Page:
According to a study from the leading recruitment firm Jackson Physician Research, 54% of physicians say that COVID-19 prompted them to change careers. In that group, 50% plan to switch employers, 21% are retiring early, and 15% plan to leave the medical field altogether. A majority—69%—of employed physicians feel disengaged from their employers and 21% feel passively engaged. A mere 10% feel actively engaged, meaning that a whopping 90% of respondents feel no attachment to their employers. Not surprisingly, many of these physicians report COVID-19 as significantly influencing their desire to change jobs. Other cited concerns include employers being hyper-focused on patient satisfaction, letting physician satisfaction fall to the wayside.

COVID-19 is not the only factor affecting physician career changes. A large number of physician respondents, or 63%, report lack of pay increases as the most important element in their decision to leave. Not surprisingly, pay is an impetus for healthcare administrators seeking career changes as well, with 51% ranking additional compensation as being paramount to their decision. Time off is another factor for both physicians and administrators, ranking most important to 12% and 16%, respectively.

It is worth noting, however, that 83% of physicians were unaware of their employers’ retention programs, whereas 30% of administrators were unaware. As such, lack of communication may be part of the problem. Similar discrepancies between physician and administrator reports exist regarding face time with senior managers, with 81% of administrators reporting such offerings, as opposed to a mere 40% of physicians reporting that option. Yet another discrepancy among physician and administrator opinions exists with regard to job recognition. Only 23% of physicians report that their employers institute a formal job recognition program, compared to 43% of administrators reporting such programs.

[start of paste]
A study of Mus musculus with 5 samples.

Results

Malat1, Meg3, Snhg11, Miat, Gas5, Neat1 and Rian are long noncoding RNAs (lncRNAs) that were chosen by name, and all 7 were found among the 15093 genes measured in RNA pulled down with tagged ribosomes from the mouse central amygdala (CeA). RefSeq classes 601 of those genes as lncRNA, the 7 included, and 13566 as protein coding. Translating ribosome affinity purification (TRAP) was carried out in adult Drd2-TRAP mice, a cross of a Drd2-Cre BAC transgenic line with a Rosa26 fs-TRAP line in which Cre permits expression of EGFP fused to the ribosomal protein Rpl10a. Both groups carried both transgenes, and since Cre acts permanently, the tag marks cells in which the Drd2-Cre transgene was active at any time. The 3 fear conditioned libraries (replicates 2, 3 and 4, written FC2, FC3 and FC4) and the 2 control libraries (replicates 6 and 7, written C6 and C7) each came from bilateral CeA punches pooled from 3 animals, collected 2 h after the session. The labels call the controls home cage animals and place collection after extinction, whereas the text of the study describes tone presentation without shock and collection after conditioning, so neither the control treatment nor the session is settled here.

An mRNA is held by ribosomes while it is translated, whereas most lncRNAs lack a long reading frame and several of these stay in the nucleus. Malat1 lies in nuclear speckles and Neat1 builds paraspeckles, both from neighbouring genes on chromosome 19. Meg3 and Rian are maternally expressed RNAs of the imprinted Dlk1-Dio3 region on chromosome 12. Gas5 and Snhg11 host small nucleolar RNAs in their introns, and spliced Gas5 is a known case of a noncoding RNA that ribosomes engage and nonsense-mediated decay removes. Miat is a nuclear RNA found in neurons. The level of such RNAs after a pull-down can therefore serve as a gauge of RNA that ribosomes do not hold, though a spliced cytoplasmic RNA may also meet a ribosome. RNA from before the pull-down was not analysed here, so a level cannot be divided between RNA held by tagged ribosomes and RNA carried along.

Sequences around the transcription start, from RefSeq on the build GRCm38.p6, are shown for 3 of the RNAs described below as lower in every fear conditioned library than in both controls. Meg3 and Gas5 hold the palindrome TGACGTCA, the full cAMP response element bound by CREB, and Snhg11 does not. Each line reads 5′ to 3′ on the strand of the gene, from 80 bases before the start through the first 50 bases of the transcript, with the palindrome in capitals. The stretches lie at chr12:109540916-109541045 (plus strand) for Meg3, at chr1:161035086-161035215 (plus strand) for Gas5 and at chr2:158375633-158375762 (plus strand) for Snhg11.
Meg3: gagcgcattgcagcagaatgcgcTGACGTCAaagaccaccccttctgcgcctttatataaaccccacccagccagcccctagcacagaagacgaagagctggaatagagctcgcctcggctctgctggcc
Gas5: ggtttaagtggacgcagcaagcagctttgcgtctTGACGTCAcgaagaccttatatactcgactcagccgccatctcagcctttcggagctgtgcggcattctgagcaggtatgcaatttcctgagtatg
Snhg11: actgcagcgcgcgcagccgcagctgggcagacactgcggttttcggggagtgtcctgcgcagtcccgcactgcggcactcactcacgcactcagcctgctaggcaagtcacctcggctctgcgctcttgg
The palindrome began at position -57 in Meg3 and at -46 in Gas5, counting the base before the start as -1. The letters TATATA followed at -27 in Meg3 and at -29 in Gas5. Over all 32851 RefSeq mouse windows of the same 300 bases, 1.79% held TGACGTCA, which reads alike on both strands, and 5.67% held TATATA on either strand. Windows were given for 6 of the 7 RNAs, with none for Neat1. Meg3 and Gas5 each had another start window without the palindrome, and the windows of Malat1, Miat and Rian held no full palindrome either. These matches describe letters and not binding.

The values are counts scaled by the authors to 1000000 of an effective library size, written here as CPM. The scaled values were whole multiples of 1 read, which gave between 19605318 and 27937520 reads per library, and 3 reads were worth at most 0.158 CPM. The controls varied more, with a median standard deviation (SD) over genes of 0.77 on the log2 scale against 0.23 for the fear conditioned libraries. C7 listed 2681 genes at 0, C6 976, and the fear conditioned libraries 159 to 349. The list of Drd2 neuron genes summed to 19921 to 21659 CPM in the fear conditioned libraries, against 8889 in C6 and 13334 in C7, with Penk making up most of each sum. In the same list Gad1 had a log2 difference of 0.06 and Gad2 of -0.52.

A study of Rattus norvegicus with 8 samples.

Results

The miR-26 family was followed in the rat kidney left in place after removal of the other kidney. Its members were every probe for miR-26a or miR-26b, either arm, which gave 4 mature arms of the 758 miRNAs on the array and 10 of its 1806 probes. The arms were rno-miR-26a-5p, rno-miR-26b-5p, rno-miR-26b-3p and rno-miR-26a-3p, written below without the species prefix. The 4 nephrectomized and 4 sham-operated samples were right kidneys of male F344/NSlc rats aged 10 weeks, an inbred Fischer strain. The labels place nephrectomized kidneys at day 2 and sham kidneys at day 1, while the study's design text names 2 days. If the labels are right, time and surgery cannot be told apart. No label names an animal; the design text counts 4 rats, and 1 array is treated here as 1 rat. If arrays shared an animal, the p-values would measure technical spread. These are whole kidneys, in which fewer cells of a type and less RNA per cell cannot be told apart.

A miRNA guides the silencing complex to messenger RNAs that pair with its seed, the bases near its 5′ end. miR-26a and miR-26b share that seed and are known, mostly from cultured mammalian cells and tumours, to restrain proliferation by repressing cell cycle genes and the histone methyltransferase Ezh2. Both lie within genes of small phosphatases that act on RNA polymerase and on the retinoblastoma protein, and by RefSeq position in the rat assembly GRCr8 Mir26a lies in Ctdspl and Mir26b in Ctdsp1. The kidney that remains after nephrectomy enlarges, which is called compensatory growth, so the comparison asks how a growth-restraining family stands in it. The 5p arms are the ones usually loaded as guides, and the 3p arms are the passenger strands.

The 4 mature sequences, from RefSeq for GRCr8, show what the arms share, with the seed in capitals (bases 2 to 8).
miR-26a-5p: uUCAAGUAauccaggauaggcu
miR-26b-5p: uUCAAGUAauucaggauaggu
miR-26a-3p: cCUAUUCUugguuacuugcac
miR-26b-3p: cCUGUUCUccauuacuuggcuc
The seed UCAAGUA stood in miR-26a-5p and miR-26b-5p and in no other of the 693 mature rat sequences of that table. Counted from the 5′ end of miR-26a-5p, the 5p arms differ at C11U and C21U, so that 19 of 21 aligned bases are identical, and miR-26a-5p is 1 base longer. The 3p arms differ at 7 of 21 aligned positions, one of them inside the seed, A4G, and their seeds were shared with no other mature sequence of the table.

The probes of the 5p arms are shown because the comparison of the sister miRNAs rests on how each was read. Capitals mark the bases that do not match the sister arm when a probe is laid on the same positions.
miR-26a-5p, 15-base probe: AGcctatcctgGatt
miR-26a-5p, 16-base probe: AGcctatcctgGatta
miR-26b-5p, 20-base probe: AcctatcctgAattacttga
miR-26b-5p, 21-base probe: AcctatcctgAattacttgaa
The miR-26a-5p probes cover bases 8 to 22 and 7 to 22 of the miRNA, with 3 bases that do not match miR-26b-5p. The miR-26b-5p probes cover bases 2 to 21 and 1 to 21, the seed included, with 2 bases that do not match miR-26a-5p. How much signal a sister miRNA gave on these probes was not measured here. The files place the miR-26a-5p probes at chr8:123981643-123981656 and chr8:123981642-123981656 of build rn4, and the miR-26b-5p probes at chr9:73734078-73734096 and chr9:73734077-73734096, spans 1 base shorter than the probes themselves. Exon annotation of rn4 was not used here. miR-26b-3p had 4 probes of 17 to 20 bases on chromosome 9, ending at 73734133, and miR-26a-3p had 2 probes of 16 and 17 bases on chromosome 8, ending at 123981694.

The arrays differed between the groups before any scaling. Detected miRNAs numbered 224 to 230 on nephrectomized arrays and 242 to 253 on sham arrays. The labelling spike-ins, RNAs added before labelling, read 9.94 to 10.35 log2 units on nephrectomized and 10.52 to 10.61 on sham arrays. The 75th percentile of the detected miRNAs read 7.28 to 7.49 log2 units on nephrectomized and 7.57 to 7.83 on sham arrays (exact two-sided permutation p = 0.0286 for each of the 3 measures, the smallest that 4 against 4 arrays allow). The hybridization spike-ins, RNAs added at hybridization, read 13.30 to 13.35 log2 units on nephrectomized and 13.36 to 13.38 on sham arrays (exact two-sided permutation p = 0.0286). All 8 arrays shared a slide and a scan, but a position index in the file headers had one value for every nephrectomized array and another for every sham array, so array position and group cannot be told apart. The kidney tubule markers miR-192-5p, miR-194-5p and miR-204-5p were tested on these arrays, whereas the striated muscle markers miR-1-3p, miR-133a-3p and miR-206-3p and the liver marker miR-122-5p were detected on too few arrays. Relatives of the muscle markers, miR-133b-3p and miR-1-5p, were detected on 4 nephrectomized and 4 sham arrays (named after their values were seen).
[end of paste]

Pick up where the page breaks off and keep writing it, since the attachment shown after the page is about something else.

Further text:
A key factor in physicians undergoing mid-career changes is the burden of school debts, which the Association of American Medical Colleges estimates to be an average of $200,000. Medical school graduate debt today is likely to be two to three times higher than it was 30 years ago. According to an article in Money, the average cost of earning a medical degree from a public medical school is $260,000, and that number is even higher for private medical schools. However, the average salary for a primary care physician is approximately $195,000. This results in a significant amount of pressure for today’s medical students to earn money, especially those who choose not to become specialists. Starting their careers with the equivalent of a mid-sized mortgage payment, not including any actual mortgage payments needed to keep a roof over their heads, lead many physicians to change careers well before retirement age.